Geographic location plays a major role in solar energy production. Solar insolation, which is the amount of energy harnessed annually per square metre, greatly varies worldwide.
Latitude and sunlight intensity
Latitude is a measure of how far north or south a place is from the Earth’s equator and it plays a significant role in solar intensity.
Near the equator, sunlight beams down almost directly, providing a higher concentration of solar energy. Closer to the North and South Poles, sunlight hits the Earth more obliquely, spreading over a larger area and losing its intensity.
This is why solar panels in tropical regions can produce more energy than those in higher latitudes.
Insolation in London reaches 1,100 kWh/m^2, in New York, it’s 1,300 kWh/m^2, and in the Sahara, it’s a considerably higher 2,800 kWh/m^2. This figure varies widely, even in the UK.
Seasonal shifts and day length
The tilt of the Earth’s axis causes daytime lengths to vary as the Earth orbits the sun. Longer summer days offer more sunlight hours, maximising solar energy potential.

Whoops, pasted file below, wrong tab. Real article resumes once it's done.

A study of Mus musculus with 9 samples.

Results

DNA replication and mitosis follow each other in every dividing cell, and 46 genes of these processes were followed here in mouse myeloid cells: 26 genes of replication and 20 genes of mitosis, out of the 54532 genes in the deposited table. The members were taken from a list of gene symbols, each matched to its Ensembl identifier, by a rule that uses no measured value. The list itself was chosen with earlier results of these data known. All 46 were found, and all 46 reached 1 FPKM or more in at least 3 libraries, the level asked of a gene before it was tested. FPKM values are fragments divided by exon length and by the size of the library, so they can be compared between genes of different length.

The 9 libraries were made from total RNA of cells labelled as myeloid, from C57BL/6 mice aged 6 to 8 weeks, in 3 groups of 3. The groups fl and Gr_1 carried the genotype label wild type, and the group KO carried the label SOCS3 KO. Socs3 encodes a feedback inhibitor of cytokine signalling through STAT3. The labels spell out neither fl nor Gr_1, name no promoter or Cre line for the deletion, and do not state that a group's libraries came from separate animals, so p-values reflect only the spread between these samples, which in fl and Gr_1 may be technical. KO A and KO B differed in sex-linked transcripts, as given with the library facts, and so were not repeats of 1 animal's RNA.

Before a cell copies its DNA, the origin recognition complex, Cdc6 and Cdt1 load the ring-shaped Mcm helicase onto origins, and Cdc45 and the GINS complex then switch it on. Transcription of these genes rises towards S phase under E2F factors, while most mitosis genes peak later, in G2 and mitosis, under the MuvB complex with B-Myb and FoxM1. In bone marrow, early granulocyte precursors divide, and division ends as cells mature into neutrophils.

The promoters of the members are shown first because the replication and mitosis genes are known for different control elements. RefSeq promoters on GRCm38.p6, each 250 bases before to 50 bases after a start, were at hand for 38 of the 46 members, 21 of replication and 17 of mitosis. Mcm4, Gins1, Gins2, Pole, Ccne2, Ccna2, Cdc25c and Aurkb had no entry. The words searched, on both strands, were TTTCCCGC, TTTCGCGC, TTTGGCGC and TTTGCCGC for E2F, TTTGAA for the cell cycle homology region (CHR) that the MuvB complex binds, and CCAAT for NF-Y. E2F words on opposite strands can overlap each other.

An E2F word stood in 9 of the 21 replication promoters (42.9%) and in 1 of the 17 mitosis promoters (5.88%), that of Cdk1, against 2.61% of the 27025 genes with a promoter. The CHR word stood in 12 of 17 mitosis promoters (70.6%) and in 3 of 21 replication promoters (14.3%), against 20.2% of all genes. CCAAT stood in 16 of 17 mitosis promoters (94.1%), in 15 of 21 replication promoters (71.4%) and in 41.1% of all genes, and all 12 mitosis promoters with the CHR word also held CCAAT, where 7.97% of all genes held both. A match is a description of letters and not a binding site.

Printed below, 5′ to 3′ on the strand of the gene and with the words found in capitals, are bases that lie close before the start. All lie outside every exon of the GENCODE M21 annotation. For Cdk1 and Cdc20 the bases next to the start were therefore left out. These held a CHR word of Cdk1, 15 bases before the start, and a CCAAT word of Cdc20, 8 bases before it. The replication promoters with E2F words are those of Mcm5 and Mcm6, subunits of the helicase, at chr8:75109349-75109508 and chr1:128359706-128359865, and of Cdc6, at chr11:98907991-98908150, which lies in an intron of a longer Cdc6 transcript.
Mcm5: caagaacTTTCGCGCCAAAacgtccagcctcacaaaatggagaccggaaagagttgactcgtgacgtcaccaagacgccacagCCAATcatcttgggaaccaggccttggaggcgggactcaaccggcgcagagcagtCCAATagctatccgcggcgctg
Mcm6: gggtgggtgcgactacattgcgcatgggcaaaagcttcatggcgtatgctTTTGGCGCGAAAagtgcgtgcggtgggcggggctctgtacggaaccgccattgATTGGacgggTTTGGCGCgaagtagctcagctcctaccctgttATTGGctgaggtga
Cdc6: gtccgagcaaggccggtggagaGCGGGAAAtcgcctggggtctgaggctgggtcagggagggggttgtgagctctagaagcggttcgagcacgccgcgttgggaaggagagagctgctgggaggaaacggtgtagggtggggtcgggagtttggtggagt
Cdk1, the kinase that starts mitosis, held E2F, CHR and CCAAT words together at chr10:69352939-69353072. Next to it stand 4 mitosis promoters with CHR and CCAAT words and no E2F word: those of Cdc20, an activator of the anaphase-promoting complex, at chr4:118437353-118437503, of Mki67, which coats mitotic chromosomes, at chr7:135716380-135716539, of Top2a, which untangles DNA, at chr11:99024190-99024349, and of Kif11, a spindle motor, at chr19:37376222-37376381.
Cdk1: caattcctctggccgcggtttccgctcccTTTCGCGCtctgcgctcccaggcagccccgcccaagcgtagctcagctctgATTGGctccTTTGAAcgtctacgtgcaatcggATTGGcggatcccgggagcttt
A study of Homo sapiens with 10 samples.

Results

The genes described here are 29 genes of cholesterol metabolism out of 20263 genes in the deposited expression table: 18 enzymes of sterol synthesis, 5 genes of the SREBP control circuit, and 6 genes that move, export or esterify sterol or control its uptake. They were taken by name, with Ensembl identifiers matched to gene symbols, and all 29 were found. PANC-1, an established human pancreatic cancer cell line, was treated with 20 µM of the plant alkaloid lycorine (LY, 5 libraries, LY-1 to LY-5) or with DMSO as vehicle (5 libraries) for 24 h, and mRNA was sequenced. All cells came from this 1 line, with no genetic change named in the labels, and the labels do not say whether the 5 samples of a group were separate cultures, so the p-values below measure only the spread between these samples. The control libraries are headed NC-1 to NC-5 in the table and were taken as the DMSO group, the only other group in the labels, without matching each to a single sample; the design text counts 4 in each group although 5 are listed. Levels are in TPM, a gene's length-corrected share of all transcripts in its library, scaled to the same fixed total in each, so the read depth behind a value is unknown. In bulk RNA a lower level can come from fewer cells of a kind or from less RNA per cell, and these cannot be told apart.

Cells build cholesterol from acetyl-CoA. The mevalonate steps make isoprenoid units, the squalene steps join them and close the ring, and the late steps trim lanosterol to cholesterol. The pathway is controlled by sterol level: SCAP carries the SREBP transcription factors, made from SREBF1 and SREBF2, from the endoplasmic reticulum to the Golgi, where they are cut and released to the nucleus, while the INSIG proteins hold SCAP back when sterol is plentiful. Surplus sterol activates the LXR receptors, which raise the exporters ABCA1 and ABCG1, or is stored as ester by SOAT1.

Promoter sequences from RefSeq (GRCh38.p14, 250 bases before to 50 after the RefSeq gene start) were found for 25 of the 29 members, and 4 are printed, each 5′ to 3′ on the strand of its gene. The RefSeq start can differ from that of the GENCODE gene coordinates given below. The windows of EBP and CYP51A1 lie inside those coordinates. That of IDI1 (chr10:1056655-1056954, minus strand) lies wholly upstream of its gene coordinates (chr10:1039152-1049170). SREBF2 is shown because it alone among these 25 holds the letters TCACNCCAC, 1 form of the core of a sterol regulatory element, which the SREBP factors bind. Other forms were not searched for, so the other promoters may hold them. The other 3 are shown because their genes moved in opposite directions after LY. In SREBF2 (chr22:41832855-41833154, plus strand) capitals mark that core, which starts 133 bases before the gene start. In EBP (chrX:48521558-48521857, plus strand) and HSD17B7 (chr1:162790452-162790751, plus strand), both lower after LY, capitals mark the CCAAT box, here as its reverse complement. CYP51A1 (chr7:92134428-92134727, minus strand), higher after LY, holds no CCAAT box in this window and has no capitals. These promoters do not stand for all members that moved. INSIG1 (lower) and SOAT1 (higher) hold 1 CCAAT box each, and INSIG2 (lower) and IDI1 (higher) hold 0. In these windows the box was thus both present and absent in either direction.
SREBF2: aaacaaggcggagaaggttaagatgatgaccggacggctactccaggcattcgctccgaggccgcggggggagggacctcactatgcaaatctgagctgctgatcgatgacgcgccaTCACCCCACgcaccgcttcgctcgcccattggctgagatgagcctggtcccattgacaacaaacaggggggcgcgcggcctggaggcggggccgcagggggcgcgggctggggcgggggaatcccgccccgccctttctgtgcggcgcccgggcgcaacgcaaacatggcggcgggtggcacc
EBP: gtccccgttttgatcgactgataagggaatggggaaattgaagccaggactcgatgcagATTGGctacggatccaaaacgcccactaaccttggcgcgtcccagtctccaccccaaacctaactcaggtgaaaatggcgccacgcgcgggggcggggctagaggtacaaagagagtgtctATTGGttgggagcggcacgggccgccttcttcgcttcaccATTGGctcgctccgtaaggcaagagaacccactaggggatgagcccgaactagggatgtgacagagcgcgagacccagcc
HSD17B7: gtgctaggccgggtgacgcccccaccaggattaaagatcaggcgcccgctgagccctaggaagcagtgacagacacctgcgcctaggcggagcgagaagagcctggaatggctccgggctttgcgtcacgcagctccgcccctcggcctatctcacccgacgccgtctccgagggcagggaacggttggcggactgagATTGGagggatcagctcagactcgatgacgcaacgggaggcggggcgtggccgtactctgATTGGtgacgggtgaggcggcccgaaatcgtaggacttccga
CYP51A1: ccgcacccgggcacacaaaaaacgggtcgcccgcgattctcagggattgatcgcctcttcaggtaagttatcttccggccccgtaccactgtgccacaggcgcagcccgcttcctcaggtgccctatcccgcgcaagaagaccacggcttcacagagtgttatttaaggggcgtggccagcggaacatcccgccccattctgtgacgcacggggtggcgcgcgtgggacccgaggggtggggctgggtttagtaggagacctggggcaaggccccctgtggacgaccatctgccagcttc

Shorter winter days in high-latitude regions offer drastically reduced sunlight hours and less potential energy. It’s not just about the total hours of daylight, though.
Peak sunlight hours are especially crucial. A summer day might be long but nevertheless have a relatively short period in which solar generation conditions are ideal. For example, London receives 0.52kWh/m2 of solar energy per day in December and 4.74kWh/m2 of solar energy per day in July.
The amount and intensity of sunlight are just one part of the solar energy equation. Local weather conditions and climate are another. They can either boost or hinder solar panel efficiency.
Clouds, fog and precipitation can obstruct sunlight, decreasing solar output. Solar panels still function on cloudy days but have a lower efficiency than they do when the weather is clear and sunny.
We associate solar panels with bright, sunny conditions, but temperature also affects the panels’ efficiency. Extreme heat can reduce a solar panel’s performance. So, in regions such as the Sahara, the impact of impressive solar intensity is partly diminished by the effects of extreme heat. Cooler, sunny days in other parts of the world can offer better conditions for solar panels.